Beka P., Here…
SING is a film set in a world where animals act just as people do- they dress and talk like we do, they work like we do, they have vices and problems and dreams just like we do. They also have singing competitions like we do, but thankfully this is no American Idol. This film is an absolute delight. Whether you take your kids or go with adults, it’s honestly one of the most enjoyable films I’ve seen all year. Grown men all around me were laughing deep belly laughs, an older woman next to me was singing along, and the kids in the back were giggling with glee. It’s fun for everyone.
The story focuses on Buster Moon (voiced by Matthew McConaughey), a panda down on his luck. Back in the day his theater was the place to go, to see and be seen- but now Buster is struggling to pay bills and the theater is at risk for closing its doors. Through a clerical mishap caused by Buster’s right hand gal, a lizard named Miss Crawly (voiced by Garth Jennings who’s also the film’s Director and Writer), a singing competition with a $100,000 prize is advertised all over town. Enter a gang of characters who leave quite the lasting impression.
There’s Rosita (Reese Witherspoon), a mother to 23 piglets, who is begging to burst out of her mom jeans for a moment of individuality. There’s a gambling mouse (Seth McFarlane) who is far too big for his britches and could have been another member of the Rat-Pack (except he’s a mouse- har har). There’s Johnny (Taron Egerton), a gorilla destined to a life of crime if he sticks with the family business, but he yearns to croon soulful melodies. Meena (Tori Kelly), is larger than life as a teen elephant, but she can’t bring herself to sing in front of others.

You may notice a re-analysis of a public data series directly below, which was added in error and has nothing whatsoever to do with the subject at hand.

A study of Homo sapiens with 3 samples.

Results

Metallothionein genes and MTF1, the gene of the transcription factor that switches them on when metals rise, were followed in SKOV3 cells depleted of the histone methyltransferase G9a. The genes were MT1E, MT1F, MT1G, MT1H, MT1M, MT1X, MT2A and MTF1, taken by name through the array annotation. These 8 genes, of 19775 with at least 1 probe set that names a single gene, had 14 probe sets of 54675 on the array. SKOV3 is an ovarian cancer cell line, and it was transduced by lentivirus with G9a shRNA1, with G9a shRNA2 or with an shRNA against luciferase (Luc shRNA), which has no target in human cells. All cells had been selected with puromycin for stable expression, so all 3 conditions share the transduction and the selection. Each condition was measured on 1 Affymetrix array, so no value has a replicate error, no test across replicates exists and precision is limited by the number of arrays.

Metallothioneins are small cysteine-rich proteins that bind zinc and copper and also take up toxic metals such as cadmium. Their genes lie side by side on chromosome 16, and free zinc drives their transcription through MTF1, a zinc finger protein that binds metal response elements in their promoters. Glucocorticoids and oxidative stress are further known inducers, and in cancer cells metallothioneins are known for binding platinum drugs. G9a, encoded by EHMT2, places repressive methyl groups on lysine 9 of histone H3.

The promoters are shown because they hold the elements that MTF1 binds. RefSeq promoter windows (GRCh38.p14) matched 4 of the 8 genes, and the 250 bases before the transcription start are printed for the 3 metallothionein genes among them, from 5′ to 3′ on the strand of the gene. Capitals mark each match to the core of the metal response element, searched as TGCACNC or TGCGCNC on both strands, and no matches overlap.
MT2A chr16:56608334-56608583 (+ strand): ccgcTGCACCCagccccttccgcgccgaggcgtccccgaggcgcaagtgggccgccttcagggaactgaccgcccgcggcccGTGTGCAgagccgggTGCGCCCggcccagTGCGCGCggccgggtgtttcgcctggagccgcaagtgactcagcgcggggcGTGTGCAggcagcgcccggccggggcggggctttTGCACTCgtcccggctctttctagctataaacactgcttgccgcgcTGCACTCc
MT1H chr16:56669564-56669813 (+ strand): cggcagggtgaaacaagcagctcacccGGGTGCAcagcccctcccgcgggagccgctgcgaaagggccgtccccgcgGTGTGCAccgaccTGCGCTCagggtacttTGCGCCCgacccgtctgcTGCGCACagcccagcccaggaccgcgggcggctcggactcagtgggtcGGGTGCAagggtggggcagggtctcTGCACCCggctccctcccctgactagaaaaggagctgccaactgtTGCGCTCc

Her voice shines in the film and each time Meena sings it is something special. Ash (Scarlett Johansson), is a grunge porcupine fresh off a breakup who uses that as material for writing original songs. And Finally Gunter (Nick Kroll), a sassy German pig who has a penchant for flare. These characters all come together to attempt to put on this singing competition despite the bumps along the way.
The film follows the characters individually as they battle with their own struggles and reasons for wanting to win the competition. It also follows them as a group as they come together, fall apart, and come together again. Their motives are ones the audience will identify with, and their triumphs are celebrated because you are rooting for each one in some way or another. The soundtrack is stellar- drawing from different decades and genres- it has something that everyone should be able to jam to. I can’t brag on this film enough. Take your kids, or don’t, but go see SING!